Safety and efficacy of eculizumab in Guillain-Barré syndrome: a multicentre, double-blind, randomised phase 2 trial.

Author information

1
Department of Neurology, Graduate School of Medicine, Chiba University, Chiba, Japan.
2
Department of Neurology, Graduate School of Medicine, Chiba University, Chiba, Japan. Electronic address: kuwabara-s@faculty.chiba-u.jp.
3
Department of Global Clinical Research, Graduate School of Medicine, Chiba University, Chiba, Japan.
4
Clinical Research Center, Chiba University Hospital, Chiba, Japan.
5
Department of Neurology and Neurological Science, Tokyo Medical and Dental University, Tokyo, Japan.
6
Department of Neurology, Kobe City Medical Center General Hospital, Kobe, Japan.
7
Department of Neurology, Kindai University Faculty of Medicine, Osaka-Sayama, Japan.
8
Department of Neurology, Dokkyo Medical University, Tochigi, Japan.
9
Department of Neurology, Kitasato University, Sagamihara, Japan.
10
Department of Neurology, Faculty of Medicine and Graduate School of Medicine, Hokkaido University, Sapporo, Japan.
11
Department of Neurology, National Defense Medical College, Tokorozawa, Japan.
12
Department of Neurology, Keio University, Tokyo, Japan.
13
Department of Neurology, Tokushima University, Tokushima, Japan.
14
Department of Neurology, University of Tokyo Hospital, Tokyo, Japan.
15
Department of Neurology, Nagoya University Graduate School of Medicine, Nagoya, Japan.
16
Department of Neurology, Neurological Institute, Graduate School of Medical Sciences, Kyushu University, Fukuoka, Japan.

Abstract

BACKGROUND:

Despite the introduction of plasmapheresis and immunoglobulin therapy, many patients with Guillain-Barré syndrome still have an incomplete recovery. Evidence from pathogenesis studies suggests the involvement of complement-mediated peripheral nerve damage. We aimed to investigate the safety and efficacy of eculizumab, a humanised monoclonal antibody against the complement protein C5, in patients with severe Guillain-Barré syndrome.

METHODS:

This study was a 24 week, multicentre, double-blind, placebo-controlled, randomised phase 2 trial done at 13 hospitals in Japan. Eligible patients with Guillain-Barré syndrome were aged 18 years or older and could not walk independently (Guillain-Barré syndrome functional grade 3-5). Patients were randomly assigned (2:1) to receive 4 weeks of intravenous immunoglobulin plus either eculizumab (900 mg) or placebo; randomisation was done via a computer-generated process and web response system with minimisation for functional grade and age. The study had a parallel non-comparative single-arm outcome measure. The primary outcomes were efficacy (the proportion of patients with restored ability to walk independently [functional grade ≤2] at week 4) in the eculizumab group and safety in the full analysis set. For the efficacy endpoint, we predefined a response rate threshold of the lower 90% CI boundary exceeding 50%. This trial is registered with ClinicalTrials.gov, number, NCT02493725.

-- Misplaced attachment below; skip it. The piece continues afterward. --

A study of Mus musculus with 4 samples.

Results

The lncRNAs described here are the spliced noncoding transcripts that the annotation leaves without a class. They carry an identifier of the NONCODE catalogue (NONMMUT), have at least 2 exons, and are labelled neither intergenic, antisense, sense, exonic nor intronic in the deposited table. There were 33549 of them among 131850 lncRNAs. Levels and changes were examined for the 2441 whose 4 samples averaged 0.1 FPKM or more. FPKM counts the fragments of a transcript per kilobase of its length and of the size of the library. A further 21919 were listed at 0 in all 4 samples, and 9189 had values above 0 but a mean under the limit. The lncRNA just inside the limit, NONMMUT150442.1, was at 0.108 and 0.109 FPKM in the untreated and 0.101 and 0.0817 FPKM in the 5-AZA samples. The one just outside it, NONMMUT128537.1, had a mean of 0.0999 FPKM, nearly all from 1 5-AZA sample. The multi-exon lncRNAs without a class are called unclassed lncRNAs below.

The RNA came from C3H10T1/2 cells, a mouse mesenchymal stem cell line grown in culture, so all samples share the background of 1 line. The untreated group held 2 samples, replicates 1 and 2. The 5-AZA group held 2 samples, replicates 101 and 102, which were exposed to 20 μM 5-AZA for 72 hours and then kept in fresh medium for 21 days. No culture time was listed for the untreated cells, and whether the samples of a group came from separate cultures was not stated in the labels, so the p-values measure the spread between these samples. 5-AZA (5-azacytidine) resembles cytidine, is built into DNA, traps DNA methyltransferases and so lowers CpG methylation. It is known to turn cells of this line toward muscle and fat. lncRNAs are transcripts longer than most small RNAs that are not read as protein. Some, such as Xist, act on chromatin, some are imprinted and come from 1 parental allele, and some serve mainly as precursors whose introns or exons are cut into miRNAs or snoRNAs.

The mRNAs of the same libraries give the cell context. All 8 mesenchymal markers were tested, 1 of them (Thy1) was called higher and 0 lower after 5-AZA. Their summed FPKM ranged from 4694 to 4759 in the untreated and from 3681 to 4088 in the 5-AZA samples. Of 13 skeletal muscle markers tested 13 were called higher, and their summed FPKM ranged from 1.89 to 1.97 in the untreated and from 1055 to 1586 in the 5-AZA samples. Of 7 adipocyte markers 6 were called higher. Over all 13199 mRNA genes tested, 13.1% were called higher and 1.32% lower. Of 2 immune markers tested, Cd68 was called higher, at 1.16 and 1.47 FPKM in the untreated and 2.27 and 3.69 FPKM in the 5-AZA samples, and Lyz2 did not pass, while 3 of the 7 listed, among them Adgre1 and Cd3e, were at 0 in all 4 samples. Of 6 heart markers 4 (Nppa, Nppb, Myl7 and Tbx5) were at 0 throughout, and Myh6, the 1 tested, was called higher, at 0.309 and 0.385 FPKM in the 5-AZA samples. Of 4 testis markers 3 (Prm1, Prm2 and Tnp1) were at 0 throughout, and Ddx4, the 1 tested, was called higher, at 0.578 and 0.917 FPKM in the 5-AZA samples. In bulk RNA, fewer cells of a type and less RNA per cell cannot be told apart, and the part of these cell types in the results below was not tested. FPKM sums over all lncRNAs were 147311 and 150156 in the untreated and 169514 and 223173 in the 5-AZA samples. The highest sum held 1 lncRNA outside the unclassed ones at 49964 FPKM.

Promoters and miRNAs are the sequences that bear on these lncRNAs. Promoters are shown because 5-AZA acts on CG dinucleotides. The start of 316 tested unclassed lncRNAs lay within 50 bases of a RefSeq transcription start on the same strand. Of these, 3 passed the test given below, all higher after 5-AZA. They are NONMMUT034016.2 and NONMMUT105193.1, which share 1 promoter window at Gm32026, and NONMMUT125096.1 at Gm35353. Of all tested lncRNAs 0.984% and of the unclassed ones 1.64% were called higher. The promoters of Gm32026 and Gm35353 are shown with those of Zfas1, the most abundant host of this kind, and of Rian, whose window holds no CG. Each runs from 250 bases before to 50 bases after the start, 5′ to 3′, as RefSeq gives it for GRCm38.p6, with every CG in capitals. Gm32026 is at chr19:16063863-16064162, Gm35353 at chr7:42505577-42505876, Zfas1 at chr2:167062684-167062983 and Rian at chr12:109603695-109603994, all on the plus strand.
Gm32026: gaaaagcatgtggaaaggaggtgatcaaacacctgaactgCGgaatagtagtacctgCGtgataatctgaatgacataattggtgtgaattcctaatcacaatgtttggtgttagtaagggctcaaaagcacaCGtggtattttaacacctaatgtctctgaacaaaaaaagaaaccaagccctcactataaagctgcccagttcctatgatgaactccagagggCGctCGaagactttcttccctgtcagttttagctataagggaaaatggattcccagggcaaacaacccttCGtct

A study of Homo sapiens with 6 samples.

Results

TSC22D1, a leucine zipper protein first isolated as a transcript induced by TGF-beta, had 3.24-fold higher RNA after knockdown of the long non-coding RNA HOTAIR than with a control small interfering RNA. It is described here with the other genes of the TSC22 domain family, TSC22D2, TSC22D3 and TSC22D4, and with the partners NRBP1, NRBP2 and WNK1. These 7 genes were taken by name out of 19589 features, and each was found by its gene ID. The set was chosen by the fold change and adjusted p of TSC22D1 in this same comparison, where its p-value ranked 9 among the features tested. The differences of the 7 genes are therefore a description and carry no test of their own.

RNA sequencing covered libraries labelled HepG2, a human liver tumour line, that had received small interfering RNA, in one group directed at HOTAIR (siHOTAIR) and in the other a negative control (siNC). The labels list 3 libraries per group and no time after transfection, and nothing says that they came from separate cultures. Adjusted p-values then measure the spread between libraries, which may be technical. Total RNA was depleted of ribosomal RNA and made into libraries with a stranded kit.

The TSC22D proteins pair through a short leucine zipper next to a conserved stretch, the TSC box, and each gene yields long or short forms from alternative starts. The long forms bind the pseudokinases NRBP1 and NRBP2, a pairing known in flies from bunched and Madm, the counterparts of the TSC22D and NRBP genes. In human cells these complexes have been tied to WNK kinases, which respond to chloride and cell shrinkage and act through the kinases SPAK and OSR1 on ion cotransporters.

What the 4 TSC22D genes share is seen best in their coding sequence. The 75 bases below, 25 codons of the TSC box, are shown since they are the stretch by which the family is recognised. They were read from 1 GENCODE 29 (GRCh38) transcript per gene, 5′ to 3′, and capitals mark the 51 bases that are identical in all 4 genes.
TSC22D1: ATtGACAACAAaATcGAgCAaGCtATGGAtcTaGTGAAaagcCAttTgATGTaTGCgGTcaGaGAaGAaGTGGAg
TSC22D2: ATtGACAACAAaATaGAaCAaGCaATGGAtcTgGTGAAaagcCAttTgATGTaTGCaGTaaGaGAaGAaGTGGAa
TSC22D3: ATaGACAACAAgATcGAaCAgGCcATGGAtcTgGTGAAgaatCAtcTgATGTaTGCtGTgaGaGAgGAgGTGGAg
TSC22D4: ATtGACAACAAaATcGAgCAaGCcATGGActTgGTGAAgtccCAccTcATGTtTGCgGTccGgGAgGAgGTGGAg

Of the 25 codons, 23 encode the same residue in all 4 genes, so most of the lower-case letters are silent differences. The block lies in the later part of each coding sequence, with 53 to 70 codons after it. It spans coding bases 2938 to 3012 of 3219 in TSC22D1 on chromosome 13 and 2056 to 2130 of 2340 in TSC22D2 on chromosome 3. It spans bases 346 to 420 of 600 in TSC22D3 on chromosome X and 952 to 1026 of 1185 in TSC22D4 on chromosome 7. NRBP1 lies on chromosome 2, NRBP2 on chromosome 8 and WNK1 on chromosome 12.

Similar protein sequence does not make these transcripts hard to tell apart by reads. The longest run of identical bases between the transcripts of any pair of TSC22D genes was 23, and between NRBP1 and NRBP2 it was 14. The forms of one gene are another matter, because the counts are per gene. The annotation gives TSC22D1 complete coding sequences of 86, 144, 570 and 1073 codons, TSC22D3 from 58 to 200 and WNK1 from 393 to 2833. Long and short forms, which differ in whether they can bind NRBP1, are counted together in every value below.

FINDINGS:

Between Aug 10, 2015, and April 21, 2016, 34 patients were assigned to receive either eculizumab (n=23) or placebo (n=11). At week 4, the proportion of the patients able to walk independently (functional grade ≤2) was 61% (90% CI 42-78; n=14) in the eculizumab group, and 45% (20-73; n=5) in the placebo group. Adverse events occurred in all 34 patients. Three patients had serious adverse events: two in the eculizumab group (anaphylaxis in one patient and intracranial haemorrhage and abscess in another patient) and one in the placebo group (depression). The possibility that anaphylaxis and intracranial abscess were related to eculizumab could not be excluded. No deaths or meningococcal infections occurred.

INTERPRETATION:

The primary outcome measure did not reach the predefined response rate. However, because this is a small study without statistical comparison with the placebo group, the efficacy and safety of eculizumab could be investigated in larger, randomised controlled trials.

FUNDING:

The Japan Agency for Medical Research and Development, Ministry of Health, Labor and Welfare, and Alexion Pharmaceuticals.